The aggregate shortfall was €10.9 billion from the sample of 194 EU banks from 17 of the bloc’s 28 member states, a fraction  of the total amount held in LCR buffers.

EU Banks Comply With New Liquidity Rules

Banks should have enough cash on hand to meet any immediate demands without eating into their core capital or having to draw on taxpayer support

EU Banks Comply With New Liquidity Rules

The European Union banking sector has complied with new liquidity rules ahead of a 2018 deadline and no extra time is needed to plug a €11 billion shortfall at a few banks, the bloc’s watchdog said on Wednesday.
The new rules, known as the liquidity coverage ratio, require banks to hold enough cash and top quality securities to last a 30-day outflow of funds in rocky markets, Reuters reported.
Drawing on the lessons of the 2007-09 financial crisis, the aim is for banks to have enough cash on hand to meet any immediate demands without eating into their core capital or having to draw on taxpayer support.
The European Banking Authority said that at the end of December 2015, the EU bank sector’s average LCR was 134%, meaning the sector overall was well above requirements.
The aggregate shortfall was €10.9 billion from the sample of 194 EU banks from 17 of the bloc’s 28 member states, a fraction of the total amount held in LCR buffers. The watchdog did not name any bank by result, but it did say that 90% of the banks sampled comply in full, with three not meeting the current minimum LCR requirement of 70%.
And most lenders with an LCR still below 100% were making full use of the existing phase-in period rather than not being able to fully comply ahead of the January 2018 deadline.
The current shortfall is driven by automotive and consumer credit banks, the EBA said, adding there was no strong evidence to suggest it should recommend a one-year extension to January 2019 for phasing in the LCR.

  Euro Banks Hit
Struggles continue in the Italian banking sector, where at least €52 billion ($54 billion) is needed to clean up balance sheets, according to data compiled by Bloomberg. This is far above the scale of the rescue package proposed this week by the government, and comes amid concerns that Banca Monte dei Paschi di Siena SpA will fail in its efforts to attract €5 billion of private-sector funds.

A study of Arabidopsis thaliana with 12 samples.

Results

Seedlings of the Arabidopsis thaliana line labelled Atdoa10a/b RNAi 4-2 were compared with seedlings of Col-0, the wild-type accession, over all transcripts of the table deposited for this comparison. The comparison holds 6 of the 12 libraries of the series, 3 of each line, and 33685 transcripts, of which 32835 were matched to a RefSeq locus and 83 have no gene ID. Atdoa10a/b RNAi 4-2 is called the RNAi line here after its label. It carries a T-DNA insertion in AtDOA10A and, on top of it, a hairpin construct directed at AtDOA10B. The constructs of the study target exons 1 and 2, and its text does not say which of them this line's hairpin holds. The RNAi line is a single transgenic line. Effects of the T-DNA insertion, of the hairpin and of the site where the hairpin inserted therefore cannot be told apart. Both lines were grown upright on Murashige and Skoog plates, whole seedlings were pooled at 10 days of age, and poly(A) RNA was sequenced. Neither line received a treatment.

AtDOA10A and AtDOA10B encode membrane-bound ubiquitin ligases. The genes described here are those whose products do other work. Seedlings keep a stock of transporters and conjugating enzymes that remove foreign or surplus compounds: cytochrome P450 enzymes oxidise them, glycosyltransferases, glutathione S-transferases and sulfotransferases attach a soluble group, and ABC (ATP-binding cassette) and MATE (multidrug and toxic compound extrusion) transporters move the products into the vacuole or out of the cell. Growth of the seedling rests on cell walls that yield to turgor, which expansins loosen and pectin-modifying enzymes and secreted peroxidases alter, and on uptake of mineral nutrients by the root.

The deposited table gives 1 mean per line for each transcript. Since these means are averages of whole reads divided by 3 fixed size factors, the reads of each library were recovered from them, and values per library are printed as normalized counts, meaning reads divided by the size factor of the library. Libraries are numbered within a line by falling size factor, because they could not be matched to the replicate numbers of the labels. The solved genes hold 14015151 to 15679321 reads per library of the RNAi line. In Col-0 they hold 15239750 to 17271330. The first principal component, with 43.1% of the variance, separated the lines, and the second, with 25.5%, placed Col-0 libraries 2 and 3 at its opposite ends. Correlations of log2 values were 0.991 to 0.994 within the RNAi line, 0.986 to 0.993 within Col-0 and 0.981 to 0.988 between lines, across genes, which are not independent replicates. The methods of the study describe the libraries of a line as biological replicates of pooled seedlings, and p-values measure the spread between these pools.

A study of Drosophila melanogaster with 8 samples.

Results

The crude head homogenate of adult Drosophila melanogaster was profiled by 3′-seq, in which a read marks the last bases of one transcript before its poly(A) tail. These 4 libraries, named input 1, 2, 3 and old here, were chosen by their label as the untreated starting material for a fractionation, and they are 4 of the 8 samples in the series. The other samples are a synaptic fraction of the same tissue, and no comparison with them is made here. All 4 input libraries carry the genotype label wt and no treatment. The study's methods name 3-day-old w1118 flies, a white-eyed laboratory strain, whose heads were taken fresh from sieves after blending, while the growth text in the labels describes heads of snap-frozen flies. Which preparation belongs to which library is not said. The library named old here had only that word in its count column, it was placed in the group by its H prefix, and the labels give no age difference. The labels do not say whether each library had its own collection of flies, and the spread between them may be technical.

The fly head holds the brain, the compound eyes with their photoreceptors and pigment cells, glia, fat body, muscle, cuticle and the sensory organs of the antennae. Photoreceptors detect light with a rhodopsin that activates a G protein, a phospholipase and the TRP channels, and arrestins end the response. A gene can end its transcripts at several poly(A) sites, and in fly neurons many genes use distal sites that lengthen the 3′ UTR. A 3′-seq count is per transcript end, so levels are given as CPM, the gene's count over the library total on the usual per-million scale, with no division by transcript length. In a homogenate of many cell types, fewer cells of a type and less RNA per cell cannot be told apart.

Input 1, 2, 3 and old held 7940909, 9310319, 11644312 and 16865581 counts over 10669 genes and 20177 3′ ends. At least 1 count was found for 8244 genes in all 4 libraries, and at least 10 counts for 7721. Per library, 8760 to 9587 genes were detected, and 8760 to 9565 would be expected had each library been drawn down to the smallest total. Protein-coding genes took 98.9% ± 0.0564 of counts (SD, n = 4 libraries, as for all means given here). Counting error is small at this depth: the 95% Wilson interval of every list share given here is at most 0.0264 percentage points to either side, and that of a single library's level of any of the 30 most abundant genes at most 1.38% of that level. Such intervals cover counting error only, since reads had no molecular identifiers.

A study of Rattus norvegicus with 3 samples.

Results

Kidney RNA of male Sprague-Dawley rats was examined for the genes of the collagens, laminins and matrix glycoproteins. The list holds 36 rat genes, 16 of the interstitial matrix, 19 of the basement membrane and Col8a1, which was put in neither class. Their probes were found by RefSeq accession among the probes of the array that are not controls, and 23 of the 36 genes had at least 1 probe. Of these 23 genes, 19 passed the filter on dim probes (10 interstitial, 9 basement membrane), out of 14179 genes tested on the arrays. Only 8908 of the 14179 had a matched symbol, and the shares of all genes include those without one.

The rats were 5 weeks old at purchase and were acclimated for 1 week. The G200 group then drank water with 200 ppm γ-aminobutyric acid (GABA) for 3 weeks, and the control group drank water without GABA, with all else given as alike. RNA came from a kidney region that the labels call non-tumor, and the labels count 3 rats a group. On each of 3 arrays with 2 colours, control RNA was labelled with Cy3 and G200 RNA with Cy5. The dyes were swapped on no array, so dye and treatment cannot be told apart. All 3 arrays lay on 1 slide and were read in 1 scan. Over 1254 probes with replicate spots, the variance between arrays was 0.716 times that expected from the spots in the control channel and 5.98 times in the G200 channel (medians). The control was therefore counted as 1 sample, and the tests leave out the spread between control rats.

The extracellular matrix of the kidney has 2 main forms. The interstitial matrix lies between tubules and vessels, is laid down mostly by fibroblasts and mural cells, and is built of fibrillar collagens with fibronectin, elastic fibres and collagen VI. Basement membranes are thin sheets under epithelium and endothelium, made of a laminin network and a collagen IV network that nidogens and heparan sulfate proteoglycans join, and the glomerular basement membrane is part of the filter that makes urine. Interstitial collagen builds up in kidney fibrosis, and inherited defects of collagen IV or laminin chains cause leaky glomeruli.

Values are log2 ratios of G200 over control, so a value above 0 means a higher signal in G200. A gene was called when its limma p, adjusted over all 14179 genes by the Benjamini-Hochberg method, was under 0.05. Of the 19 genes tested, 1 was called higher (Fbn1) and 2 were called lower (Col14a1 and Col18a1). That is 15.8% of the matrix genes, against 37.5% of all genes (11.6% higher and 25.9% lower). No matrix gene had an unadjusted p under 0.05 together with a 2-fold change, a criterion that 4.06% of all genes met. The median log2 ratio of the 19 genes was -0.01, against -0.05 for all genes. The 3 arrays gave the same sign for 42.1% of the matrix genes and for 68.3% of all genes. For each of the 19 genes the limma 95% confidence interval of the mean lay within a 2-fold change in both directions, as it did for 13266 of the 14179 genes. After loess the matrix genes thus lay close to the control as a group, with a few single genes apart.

Shares in the embattled lender lost 18.2% in trading Wednesday morning. Meanwhile, Rome received parliamentary approval for a €20 billion debt-boosting plan for that country’s troubled financial sector.
Spanish lenders’ shares were also hit—falling as much as 10%—after Europe’s top court ruled against the institutions on a mortgage interest-payments case that means customers may be entitled to billions of euros in compensation.
Spanish banks face having to repay customers more than €4 billion ($4.2 billion) after the European Court of Justice unexpectedly overturned a Spanish court ruling capping liabilities relating to a disputed mortgage clause.
Banks will now have to compensate customers for what they lost on the mortgages before May 2013, when Spain’s Supreme Court declared them invalid if they had not been presented clearly. The home loans had an interest rate that could not fall below a benchmark, meaning customers lost out on the lower mortgage cost when rates dropped beneath this level.
The ruling knocked shares in Banco Sabadell, Banco Popular, Caixabank and Liberbank—the banks most exposed to these “floor clauses”, which a Bank of Spain source said could have an additional impact of “slightly more than” €4 billion on the country’s banks.

 Shares
Banking stocks lead European indices mildly lower Wednesday morning in thin trading despite US markets closing at record highs yesterday.
The Spanish IBEX was the biggest loser as the EU’s top court ruled against Spanish lenders over mortgage interest repayments.
Banco Popular, Caixabank, Banco Sabadell, and Santander were all hit as the banks may have to repay billions of euros to mortgage customers.
European banks remain in the news as the Swiss Competition Commission announced that it had levied fines of around CHF100 million to those lenders involved in rate rigging. Deutsche Bank, SocGen, RBS, and Barclays were reported to have reached an “amicable settlement” with the regulator.